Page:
Artificial Intelligence Molecular Screen (AIMS) Awards program by Atomwise for academic researchers seeking novel compounds to treat disease.
Molecules analyzed for your disease by artifical intelligence.
Compounds delivered to your lab, ready for testing
Cost to participate
What is the AIMS Awards program?
The goal of this program is to broaden the pool of scientists involved in the discovery of small molecules for the treatment and investigation of human diseases. To advance this goal, Atomwise seeks proposals from innovative university scientists to receive 72 potential medicines, generated specifically for their research by artificial intelligence. This Artificial Intelligence Molecular Screen (AIMS) program is designed to dramatically accelerate the race towards life-saving drugs by analyzing millions of compounds for each disease. Contributing AI technology and delivering physical molecules to labs across the world, the program is the first of its kind.
What will awardees receive?
- Customized small molecule virtual screen using AtomNet™ technology
- 72 small molecules predicted to bind to a specific target protein – ordered (QC verified by mass spectrophotometry, resuspended and diluted to a convenient concentration, aliquoted into microtiter plates, and delivered at no cost to the researcher)
- Support from Atomwise’s medicinal chemists and computational biologists
- Additional small molecules and support if criteria are met.
What types of projects are best for an AIMS Award?
Atomwise will consider any project that could benefit from our expertise and technology. Project topics may be in any area, including those in agriculture, animal health, biotechnology, human biology, medicine, microbiology, plant biology, and virology. Ideally, applicants will have both of the following:
1.) A target protein with an X-ray crystal, Cryo-EM, or NMR structure, or with close sequence homology to protein with available structures.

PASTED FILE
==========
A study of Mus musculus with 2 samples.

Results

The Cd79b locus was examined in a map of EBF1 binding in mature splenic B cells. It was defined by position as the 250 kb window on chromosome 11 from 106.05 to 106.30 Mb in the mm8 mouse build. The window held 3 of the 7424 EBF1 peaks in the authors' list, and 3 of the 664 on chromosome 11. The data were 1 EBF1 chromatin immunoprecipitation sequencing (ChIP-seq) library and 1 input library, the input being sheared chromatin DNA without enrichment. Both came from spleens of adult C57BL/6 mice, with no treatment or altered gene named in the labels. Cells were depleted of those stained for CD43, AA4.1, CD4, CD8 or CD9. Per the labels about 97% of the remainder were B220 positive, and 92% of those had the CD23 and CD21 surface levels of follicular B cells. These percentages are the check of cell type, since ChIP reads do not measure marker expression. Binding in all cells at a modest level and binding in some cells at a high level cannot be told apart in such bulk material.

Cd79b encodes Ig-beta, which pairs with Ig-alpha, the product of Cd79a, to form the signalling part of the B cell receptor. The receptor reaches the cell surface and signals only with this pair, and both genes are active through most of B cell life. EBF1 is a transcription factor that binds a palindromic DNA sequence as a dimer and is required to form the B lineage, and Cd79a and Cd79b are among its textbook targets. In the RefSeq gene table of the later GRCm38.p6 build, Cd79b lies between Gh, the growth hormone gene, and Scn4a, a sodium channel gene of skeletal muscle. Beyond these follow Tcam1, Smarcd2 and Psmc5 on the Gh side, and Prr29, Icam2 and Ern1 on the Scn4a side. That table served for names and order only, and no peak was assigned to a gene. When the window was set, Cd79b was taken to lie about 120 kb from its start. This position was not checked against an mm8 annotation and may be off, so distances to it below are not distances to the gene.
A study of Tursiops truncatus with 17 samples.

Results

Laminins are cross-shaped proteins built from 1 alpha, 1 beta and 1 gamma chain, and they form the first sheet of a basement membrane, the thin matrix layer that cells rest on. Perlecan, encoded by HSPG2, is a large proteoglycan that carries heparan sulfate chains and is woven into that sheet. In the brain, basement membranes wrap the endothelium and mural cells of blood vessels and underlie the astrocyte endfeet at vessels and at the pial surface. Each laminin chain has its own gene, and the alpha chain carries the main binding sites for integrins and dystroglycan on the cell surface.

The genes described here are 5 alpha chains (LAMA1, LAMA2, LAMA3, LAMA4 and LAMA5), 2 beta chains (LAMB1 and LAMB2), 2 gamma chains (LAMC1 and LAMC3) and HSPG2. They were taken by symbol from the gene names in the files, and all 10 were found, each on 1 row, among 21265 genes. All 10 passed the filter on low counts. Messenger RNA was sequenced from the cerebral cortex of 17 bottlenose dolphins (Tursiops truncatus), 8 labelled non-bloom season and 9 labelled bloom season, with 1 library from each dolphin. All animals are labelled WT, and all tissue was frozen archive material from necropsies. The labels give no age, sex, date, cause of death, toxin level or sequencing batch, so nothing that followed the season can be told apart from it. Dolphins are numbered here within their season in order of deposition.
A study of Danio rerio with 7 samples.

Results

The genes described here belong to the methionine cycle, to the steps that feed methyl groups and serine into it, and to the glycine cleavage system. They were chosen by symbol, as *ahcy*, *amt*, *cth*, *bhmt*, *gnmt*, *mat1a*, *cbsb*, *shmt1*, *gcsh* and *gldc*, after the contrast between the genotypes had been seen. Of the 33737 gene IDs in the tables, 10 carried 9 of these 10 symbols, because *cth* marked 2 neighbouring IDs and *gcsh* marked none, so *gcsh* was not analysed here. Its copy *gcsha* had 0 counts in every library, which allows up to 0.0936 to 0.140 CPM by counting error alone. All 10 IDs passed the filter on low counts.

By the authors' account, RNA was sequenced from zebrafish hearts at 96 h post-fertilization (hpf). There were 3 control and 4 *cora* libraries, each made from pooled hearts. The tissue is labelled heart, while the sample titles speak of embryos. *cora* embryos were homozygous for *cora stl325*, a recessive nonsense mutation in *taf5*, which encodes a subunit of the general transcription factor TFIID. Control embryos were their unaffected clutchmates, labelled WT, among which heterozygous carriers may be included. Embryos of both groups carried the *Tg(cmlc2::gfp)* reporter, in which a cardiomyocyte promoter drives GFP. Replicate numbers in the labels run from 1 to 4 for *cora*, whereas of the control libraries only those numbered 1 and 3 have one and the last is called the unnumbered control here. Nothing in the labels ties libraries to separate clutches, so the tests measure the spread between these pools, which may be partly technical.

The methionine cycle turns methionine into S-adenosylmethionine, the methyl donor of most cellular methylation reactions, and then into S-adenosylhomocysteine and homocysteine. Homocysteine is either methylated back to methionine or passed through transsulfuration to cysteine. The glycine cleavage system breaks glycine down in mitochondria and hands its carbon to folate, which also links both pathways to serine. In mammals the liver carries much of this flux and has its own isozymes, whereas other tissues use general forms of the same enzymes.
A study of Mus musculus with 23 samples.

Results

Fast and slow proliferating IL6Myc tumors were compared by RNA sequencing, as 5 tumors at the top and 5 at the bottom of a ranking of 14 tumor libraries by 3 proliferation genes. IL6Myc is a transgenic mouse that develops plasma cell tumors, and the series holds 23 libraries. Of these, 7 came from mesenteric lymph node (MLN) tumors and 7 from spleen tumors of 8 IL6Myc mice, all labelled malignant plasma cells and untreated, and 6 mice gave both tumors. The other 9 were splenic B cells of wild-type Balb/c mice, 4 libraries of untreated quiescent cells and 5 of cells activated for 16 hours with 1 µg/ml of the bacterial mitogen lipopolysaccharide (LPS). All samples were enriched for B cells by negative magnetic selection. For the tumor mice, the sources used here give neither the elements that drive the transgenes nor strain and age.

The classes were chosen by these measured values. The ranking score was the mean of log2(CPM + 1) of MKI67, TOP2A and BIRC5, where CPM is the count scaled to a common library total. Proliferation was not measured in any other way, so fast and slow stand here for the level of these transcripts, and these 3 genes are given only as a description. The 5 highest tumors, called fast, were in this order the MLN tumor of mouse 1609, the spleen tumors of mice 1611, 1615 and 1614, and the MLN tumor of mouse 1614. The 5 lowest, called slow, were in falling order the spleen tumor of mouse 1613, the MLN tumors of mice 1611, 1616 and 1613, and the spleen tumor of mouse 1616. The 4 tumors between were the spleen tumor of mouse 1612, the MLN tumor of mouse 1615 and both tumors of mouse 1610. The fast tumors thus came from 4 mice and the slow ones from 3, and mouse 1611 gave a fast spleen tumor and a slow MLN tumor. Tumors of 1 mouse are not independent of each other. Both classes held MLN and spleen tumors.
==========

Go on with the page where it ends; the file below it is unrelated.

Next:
2.) An established assay(s) that can:
- Test at least 72 small molecules, AND
- Directly measure protein function or activity, AND
- Measure IC50 or equivalent.
What are the terms around intellectual property (IP) created in the project?
Each party owns their own solely created IP, and both parties will own any jointly created IP. Atomwise understands that universities and/or researchers may have different needs around IP, and we are happy to discuss this with you.
How long does it take to fill out an application?
Most researchers complete the application in less than an hour.
Can I apply as a graduate student or post-doc?
Yes, provided you have a professor supporting the project.
Do I need to sign the research agreement before I apply?
No. Only after you are selected for the award, we will reach out to your technology transfer office to work out the agreement.
What if I missed the deadline?
If you are interested in an AIMS Award, please contact us. We might have other opportunities or be able to offer an extension.
Who can apply?
Researchers with the support of a Principal Investigator (PI) from a non-profit university or research institution.
Can I submit more than one application?
If I applied previously, can I apply again? If I received an award previously, can I apply again?
Yes, and yes!
Will you share the information in my application with others?
No, we will not share your application with a third party.
Could Atomwise work on the same target with other researcher(s)?
Atomwise works with a large number of researchers, so we’re unable to provide exclusivity around a submitted target. We don’t use confidential information from one project in any other project.
AIMS is a streamlined program. Short applications are submitted online, and recipients will be announced about three months from the submission deadline. No preliminary data is required!
Deadline for proposals: October 28, 2019
Resources & More Information About the Awards
Since 2012, AtomNet has been deployed to help invent new potential medicines for more than 50 disease targets. We work with leading research groups at top organizations including Dana Farber Cancer Institute, Duke University, Scripps Research Institute, and several large pharmaceutical companies, to advance the frontier of human health.
Left: Ebola virus replicating in a human host cell.